Can Instagram Ease The Pain Of Social Distancing?

Photographed by Michael Beckert.
If you’re anything like me, your screen time is way up amidst the coronavirus outbreak. We have more time on our hands — and we're eager to connect with people through video conferencing and social media. Instagram knows this, and the platform has decided to partner with The National Alliance On Mental Illness (NAMI) for a week of sharing resources that will help you look after yourself.
They’re asking experts and influencers to offer advice on how they’re taking care of themselves during the COVID-19 pandemic. For example, actress Corinne Foxx kicked off the campaign on April 6, going on NAMI’s Instagram story to tell viewers how she keeps her anxiety in check. Her tips included exercising, meditating, limiting her news intake, and expressing herself through art. Comedian Kelsey Darragh was also featured, and told NAMI followers: "It's enough to just be surviving right now."
NAMI will be posting similar tips throughout the week letting followers know they’re not alone, explains Ken Duckworth, MD, NAMI’s chief medical officer.
“This pandemic affects everyone — and I mean everyone,” Dr. Duckworth says. “At NAMI we say 'you are not alone,' and it has never been more true than now. People are anxious about the disease, about their families, about their economic situations. Isolation can be particularly difficult, especially for long periods of time. And there is still uncertainty about the future of this pandemic, which activates anxiety and, in some people, a trauma response."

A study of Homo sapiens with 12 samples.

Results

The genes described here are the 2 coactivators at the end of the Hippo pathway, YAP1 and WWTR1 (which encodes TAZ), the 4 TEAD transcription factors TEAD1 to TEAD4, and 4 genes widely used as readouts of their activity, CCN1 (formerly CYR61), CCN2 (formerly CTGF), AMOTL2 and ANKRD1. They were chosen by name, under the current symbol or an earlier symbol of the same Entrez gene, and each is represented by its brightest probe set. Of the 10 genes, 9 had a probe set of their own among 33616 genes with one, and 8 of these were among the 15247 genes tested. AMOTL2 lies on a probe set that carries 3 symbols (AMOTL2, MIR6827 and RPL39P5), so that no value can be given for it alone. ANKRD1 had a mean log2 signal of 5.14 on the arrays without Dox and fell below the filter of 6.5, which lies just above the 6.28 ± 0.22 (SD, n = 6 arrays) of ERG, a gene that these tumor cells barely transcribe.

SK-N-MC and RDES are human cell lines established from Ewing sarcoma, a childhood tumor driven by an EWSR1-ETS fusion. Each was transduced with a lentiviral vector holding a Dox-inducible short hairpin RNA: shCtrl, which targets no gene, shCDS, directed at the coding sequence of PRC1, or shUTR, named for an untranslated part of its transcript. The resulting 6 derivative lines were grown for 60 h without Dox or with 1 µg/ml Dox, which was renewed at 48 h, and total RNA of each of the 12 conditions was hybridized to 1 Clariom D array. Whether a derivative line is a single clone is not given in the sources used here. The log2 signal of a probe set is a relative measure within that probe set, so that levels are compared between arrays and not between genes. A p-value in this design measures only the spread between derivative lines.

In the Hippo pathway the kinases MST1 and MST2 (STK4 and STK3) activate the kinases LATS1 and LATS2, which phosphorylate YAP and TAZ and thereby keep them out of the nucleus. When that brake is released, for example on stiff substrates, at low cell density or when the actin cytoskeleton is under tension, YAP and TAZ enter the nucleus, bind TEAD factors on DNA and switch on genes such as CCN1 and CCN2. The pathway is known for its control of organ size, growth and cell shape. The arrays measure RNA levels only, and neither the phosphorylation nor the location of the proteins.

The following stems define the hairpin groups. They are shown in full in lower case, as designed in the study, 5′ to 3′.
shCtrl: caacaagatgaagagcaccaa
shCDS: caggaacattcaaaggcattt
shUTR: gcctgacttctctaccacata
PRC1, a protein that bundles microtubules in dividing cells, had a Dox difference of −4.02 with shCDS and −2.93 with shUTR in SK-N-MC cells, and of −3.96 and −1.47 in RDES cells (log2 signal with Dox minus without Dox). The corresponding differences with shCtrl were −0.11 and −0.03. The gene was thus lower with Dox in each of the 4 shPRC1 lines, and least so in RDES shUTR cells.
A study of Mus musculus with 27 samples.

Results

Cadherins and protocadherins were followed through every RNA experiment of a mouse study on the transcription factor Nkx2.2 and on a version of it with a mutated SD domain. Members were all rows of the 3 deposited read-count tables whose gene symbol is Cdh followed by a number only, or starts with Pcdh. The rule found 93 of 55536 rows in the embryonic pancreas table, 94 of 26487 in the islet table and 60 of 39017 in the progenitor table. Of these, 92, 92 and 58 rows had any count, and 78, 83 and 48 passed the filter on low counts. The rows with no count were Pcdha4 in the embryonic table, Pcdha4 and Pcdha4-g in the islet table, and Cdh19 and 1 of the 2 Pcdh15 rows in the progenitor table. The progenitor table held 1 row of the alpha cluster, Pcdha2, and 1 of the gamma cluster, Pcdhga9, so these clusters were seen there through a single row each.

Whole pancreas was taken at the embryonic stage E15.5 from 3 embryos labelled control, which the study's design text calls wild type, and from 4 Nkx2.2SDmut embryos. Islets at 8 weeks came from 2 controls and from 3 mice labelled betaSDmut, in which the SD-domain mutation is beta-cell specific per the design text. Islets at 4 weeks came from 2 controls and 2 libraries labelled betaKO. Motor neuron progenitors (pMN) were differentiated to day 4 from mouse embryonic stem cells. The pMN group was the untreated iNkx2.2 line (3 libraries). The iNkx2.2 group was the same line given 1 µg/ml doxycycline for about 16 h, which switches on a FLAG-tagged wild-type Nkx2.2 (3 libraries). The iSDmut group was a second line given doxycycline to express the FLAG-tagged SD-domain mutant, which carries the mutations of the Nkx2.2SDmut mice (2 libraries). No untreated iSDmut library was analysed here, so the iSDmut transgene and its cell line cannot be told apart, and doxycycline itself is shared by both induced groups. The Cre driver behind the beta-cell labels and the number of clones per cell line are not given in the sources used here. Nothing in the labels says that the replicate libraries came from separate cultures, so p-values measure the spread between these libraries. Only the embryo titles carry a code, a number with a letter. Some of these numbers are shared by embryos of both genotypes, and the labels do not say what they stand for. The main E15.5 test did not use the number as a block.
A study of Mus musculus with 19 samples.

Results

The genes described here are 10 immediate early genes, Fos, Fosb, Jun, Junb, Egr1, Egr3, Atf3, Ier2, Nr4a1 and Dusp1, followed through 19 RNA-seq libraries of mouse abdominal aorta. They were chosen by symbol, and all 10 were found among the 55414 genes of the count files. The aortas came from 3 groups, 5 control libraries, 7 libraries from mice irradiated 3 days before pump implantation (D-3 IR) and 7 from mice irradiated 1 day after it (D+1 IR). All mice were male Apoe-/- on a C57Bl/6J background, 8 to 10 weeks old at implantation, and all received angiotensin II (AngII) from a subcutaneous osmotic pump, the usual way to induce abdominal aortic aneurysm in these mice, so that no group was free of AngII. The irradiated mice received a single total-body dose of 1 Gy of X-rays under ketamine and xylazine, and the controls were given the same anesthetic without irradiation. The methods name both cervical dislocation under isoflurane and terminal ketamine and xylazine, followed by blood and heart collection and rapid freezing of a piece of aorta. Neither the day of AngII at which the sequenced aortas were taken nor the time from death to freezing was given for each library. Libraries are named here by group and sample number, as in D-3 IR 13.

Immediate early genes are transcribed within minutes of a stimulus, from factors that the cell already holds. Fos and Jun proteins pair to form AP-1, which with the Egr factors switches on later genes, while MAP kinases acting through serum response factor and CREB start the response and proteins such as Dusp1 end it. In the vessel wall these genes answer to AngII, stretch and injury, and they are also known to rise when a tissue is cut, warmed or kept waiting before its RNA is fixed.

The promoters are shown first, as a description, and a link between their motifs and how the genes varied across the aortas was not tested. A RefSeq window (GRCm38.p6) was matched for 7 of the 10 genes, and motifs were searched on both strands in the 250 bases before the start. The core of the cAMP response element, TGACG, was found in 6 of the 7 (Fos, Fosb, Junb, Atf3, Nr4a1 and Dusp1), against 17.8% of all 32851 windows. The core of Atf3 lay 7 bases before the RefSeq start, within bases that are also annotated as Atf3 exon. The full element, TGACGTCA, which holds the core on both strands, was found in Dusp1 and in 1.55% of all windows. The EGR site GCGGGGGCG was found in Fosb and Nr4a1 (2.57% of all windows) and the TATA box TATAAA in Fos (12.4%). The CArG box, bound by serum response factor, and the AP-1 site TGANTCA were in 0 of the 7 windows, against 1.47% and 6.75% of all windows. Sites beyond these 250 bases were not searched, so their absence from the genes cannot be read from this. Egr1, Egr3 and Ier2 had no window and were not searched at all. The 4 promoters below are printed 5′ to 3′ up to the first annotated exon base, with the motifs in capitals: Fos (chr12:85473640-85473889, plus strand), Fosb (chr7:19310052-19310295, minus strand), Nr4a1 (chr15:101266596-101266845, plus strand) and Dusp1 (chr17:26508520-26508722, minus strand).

Dr. Duckworth urges people to take simple steps to maintain their connection with others. “Make sure you have contact information for your close friends and family and keep in touch by phone, email, social media, or video calls,” he recommends. “Communicate with someone every day, in some way."
Liking, commenting, and posting on social media platforms can help you avoid loneliness and isolation. “Social media can be an incredible force for good during [social] distancing by helping you keep up with people you care about,” he says.
But too much can also be draining and stressful, which is why Dr. Duckworth acknowledges that people should use platforms like Instagram in moderation. “Controlling one’s dose of overstimulating information is essential for anxiety management," Duckworth says. "You can get information overload from social media in the same way as news media, so consider setting limits on how much time you spend on your social media platforms."
The bottom line: Scroll mindfully.
COVID-19 has been declared a global pandemic. Go to the Public Health Agency of Canada website for the latest information on symptoms, prevention, and other resources.